Sunday, November 19, 2023

Angie Chen Button and Vouchers

Source: Texas Monthly

This week, the Texas House voted in favor of an amendment stripping school vouchers from a school funding bill. You can read elsewhere how significant this vote is (in the short run, very; in the long run, ¯\_(ツ)_/¯ ), but here I want to report on how my Texas representative, Angie Chen Button (R-Richardson) voted.

Of course, she voted for vouchers. She always talks a good game when running for re-election. Her mailers mention how important public education is for her. Her campaign website has a section under "Issues" titled, "STANDING WITH PUBLIC SCHOOLS." She occasionally meets with Richardson ISD leaders for photo ops. After one of those as recently as September, she posted on Facebook the photo below, thanking RISD leaders "for taking the time to share RISD's successes, struggles, and thoughts on how the state can best help overcome challenges."


But when the time comes to vote on the House floor, she votes to support school vouchers. Vouchers would divert taxpayer dollars from public schools to private schools. Her vote this week could be headlined: "Angie Chen Button to RISD: Drop dead." Why does she seem to say one thing and do another?

Angie Chen Button's family were refugees from Communist China. That made a deep and lasting impact. She never fails to mention that part of her personal biography. Playing armchair psychologist, I see her as a survivor, first, last, and always. She does what's needed to survive. Step one in surviving in Republican politics today is avoiding drawing a primary challenger from her right. Gov. Greg Abbott has threatened to recruit primary challengers against GOP legislators who don't support his all-important voucher plan. Whether or not Button herself truly believes in vouchers, it's not in her political self-interest to fight an existential threat like that from the most powerful politician in Texas. And so she didn't. That doesn't let her off the hook for voting against her constituents' interests, but it might explain why she voted that way.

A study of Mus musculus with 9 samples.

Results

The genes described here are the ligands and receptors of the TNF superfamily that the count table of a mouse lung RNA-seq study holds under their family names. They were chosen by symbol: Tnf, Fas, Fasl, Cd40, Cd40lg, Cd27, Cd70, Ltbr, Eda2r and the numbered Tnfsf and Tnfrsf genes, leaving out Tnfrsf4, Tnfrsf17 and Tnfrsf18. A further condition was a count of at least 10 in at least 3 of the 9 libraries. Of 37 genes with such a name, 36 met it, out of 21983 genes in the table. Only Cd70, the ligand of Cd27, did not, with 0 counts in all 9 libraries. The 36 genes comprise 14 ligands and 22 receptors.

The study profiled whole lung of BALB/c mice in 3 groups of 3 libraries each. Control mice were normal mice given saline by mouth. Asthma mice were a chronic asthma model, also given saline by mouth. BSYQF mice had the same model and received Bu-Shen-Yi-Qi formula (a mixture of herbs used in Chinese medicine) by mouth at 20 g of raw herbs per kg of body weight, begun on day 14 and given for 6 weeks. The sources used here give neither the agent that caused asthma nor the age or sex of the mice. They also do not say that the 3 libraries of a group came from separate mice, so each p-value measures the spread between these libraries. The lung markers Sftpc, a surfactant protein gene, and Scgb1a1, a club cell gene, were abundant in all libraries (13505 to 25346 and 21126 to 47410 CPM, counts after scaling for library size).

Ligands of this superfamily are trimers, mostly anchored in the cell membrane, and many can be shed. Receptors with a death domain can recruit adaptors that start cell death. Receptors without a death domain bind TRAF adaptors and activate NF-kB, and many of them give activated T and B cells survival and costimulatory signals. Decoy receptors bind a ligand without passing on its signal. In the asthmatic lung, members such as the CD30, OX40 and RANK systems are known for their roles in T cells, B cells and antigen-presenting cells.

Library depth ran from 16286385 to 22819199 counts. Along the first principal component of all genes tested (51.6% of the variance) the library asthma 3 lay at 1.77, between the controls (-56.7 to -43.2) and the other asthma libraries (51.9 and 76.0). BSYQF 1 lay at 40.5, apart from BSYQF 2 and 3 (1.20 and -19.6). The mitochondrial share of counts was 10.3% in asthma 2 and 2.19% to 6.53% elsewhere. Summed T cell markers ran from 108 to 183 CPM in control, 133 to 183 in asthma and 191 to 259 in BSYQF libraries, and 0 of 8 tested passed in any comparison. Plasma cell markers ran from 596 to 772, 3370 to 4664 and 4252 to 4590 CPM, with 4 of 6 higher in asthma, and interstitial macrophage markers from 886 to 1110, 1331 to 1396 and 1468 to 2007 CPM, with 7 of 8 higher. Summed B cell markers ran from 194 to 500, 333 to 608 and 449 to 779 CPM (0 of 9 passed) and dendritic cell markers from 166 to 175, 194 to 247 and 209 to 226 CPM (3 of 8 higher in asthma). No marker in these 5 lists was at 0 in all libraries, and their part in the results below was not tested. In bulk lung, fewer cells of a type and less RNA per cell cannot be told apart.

It ought to be noted that "Texas Monthly" put her on its 2023 list of "Best and Worst Legislators" as one of the ten "Best". I don't put her there myself. She represents a purple district, still red but trending blue over several election cycles. So, as a general rule, she votes red, with just enough blue talk to draw votes from both sides to keep getting re-elected. That may be savvy, but her vote for vouchers this term could test that political strategy in 2024. Or not. Voters have a reputation for not paying attention and even when they do, having short memories.

For the record, here is what "Texas Monthly" had to say about Angie Chen Button's performance in the 2023 legislative session.

Rep. Angie Chen Button

The sneakers that Representative Button wears on the House floor aren’t an overt political statement, but they say a lot about her approach. She’s more likely to be seen hustling from member to member to discuss bills than making grandiloquent speeches. And when she does step up to the lectern, colleagues listen. They listened when she spoke in favor of the Lone Star Workforce of the Future Fund, which would provide skills training for folks without a college degree.

They listened when she was a voice of reason amid a rash of Republican- sponsored bills that targeted individuals and entities from China, Iran, North Korea, and Russia. Senator Lois Kolkhorst, the right-wing Republican from Brenham, introduced a bill that would prohibit Texas residents from those four countries—presumably even dual citizens and other legal residents—from purchasing property in the state. Button, who is Taiwanese American, countered with a bill that would prohibit any foreign government entity from buying Texas agricultural land but didn’t target specific nationalities. “I am well familiar with what happened during World War II to Japanese Americans,” Button said. “This bill eliminates the repetition of that threat without negatively marking loyal Americans of any ethnic background.” Thanks to her passion as well as statewide protests, Button’s proposal to exempt lawful permanent residents eventually made its way into Kolkhorst’s more draconian legislation. (The Kolkhorst bill mercifully failed in the House.)

While the politics of the Lege can resemble schoolyard antics, Button plays well with others. Consider the competing Republican and Democratic proposals to eliminate the “tampon tax,” which would exempt menstrual products as well as diapers and other baby products from the state sales tax. Button, who was tapped as sponsor for the Republican bill, nevertheless championed the Democratic one, when Dade Phelan made it a priority. In the end, the Republican version with Democratic amendments passed. It was a win for Button and for Texas.

Source: Texas Monthly.

1 comment:

Mark Steger said...

Headline from DMN: "Texas Gov. Greg Abbott endorses House GOP members who backed school vouchers. Abbott threw his support behind 58 GOP House members who voted against an anti-ESA amendment on Friday that removed voucher-like programs."
That's the payoff for Angie Chen Button's vote against public schools.